Michael Nattoo/Barrington Flemming – Staff Reporters
- Prepare for Asian Tiger Mosquito
Chikungunya, Zika Virus and Dengue Fever are diseases many Jamaicans would rather forget, but with the discovery that a rare and potent breed of vector, known as the Asian Tiger Mosquito, is headed for Western Jamaica, it may not be long before those diseases resurface and wreak havoc once again on the health of Jamaicans not prepared for that imminent danger.
The arrival of the Asian Tiger Mosquito (Aedes albopictus) to Western Jamaica, coupled with the ongoing rainy season, make for a dangerous combination. As a result, Medical Officer of Health for St. James, Dr. Marcia Johnson-Campbell, is urging that residents ramp up their efforts to destroy potential breeding sites. Should residents fail to heed these words, these mosquitoes could breed and spread diseases at a rate faster than citizens can reasonably counter against them.
With the mosquito already in the island (Clarendon) “It is something that we expect,” Dr. Campbell explains to the Western Mirror, “and as the rainy season continues, we will have an increase in the mosquito population. We, therefore, strongly encourage persons to take greater responsibility in terms of looking out for breeding sites in the home and around the yard, and promptly destroy them.”
Though there have not been any reports of Dengue Fever so far in the parish of St. James, the imminent arrival of this most potent vector, which bears similarities to the Aedes aegypti mosquito, could see a drastic resurgence in these cases, which could range in the hundreds.
If measures are not taken now to eradicate the sites and kill existing adult mosquitoes, the arrival of these mosquitoes being discovered for the first time in Jamaica, could make matters a whole lot worse.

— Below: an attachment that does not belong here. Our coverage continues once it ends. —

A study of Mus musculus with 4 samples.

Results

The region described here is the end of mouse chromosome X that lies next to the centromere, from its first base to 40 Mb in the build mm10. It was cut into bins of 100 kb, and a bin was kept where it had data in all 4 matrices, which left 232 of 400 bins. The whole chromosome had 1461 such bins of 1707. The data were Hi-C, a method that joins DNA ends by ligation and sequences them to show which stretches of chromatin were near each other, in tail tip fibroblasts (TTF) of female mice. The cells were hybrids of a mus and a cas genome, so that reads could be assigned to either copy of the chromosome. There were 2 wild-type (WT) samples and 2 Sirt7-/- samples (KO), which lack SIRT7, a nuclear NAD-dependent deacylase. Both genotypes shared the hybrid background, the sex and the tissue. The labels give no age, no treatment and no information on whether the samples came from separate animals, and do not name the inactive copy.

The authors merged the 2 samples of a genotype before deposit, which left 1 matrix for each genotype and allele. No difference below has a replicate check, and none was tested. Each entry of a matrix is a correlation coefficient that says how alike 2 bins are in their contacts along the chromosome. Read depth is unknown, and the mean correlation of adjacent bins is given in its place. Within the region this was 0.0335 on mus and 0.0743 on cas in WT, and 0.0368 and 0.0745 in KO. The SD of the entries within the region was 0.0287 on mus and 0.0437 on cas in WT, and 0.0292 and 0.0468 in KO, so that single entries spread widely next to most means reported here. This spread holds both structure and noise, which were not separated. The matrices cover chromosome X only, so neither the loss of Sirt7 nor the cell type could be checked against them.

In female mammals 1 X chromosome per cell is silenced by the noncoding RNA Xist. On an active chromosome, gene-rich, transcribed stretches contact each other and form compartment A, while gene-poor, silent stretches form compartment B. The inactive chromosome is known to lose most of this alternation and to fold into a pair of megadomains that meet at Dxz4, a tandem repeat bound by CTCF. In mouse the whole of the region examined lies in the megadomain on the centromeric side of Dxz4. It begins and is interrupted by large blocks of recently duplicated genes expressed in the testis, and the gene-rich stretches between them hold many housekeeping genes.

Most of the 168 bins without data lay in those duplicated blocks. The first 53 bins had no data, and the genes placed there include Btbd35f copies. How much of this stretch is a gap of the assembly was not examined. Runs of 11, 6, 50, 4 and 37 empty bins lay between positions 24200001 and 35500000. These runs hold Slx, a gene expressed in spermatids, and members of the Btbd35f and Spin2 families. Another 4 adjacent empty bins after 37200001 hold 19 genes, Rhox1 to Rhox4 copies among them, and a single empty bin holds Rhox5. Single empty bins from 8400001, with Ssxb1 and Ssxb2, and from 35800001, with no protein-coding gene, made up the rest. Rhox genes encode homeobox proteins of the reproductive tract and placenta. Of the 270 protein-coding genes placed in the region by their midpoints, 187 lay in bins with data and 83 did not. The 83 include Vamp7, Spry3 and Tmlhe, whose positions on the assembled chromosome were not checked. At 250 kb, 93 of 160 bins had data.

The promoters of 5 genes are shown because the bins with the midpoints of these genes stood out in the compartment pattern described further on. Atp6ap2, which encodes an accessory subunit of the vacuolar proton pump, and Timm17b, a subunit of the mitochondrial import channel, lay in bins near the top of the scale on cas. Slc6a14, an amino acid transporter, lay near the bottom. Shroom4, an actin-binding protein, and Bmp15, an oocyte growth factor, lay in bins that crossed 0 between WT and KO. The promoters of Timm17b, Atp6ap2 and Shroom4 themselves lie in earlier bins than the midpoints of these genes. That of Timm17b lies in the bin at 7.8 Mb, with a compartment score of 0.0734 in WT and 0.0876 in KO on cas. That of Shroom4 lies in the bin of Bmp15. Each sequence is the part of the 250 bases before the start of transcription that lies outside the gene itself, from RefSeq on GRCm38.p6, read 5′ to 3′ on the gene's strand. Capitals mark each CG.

DESTROY BREEDING SITES
“Once per week, search your yard for possible sites for breeding of mosquitoes,” Dr. Campbell urges. “Check the flower pots, gutters, tyres, old equipment or furniture out in the yard, air conditioning tray, the tray from the fridge, the dish drainer – check anywhere that water will collect as those things need to be overturned.”
The doctor continued: “Vases need to be washed properly and water changed. Flower pots need to be checked and drums and tanks need to be covered. Garbage needs to be properly collected, containerized or disposed of, so that we don’t accumulate breeding sites,” she explained.
The Asian Tiger or Aedes albopictus mosquito is similar to the Aedes aegypti mosquito, which is endemic to Jamaica and is a vector for several diseases to include Dengue Fever, Chikungunya, Zika and Yellow Fever.
The discovery comes as the Ministry of Health observes Caribbean Mosquito Awareness Week (CMAW) from May 14-20, under the theme: ‘Small bite, big threat, fight the bite, destroy mosquito breeding site.’
THE ASIAN TIGER MOSQUITO: HOW DANGEROUS IS IT?
Just last year May, Professor of Entomology at Cornell University and Mosquito Expert, Professor Laura Harrington, explained to the New York Times that the Asian Tiger Mosquito is one of the more aggressive and dangerous species of mosquitoes. “It really is,” Professor Harrington explained, citing that while the mosquito also feeds on animals, it had a particular liking for human blood. She explained that that combined with the mosquito’s unusually painful and persistent bite, makes it a “real nuisance”.
The Asian Tiger Mosquito is an exotic species and is so named and can be identified by its single white stripe down the centre of its head and back.
Residents are reminded to destroy breeding sites by eliminating areas of standing water, such as those mentioned earlier. As best as possible, efforts should be made to screen all windows and doors, and if venturing outside for prolonged periods, wear long pants and long-sleeved shirts, or use an insect repellent containing 20 percent DEET.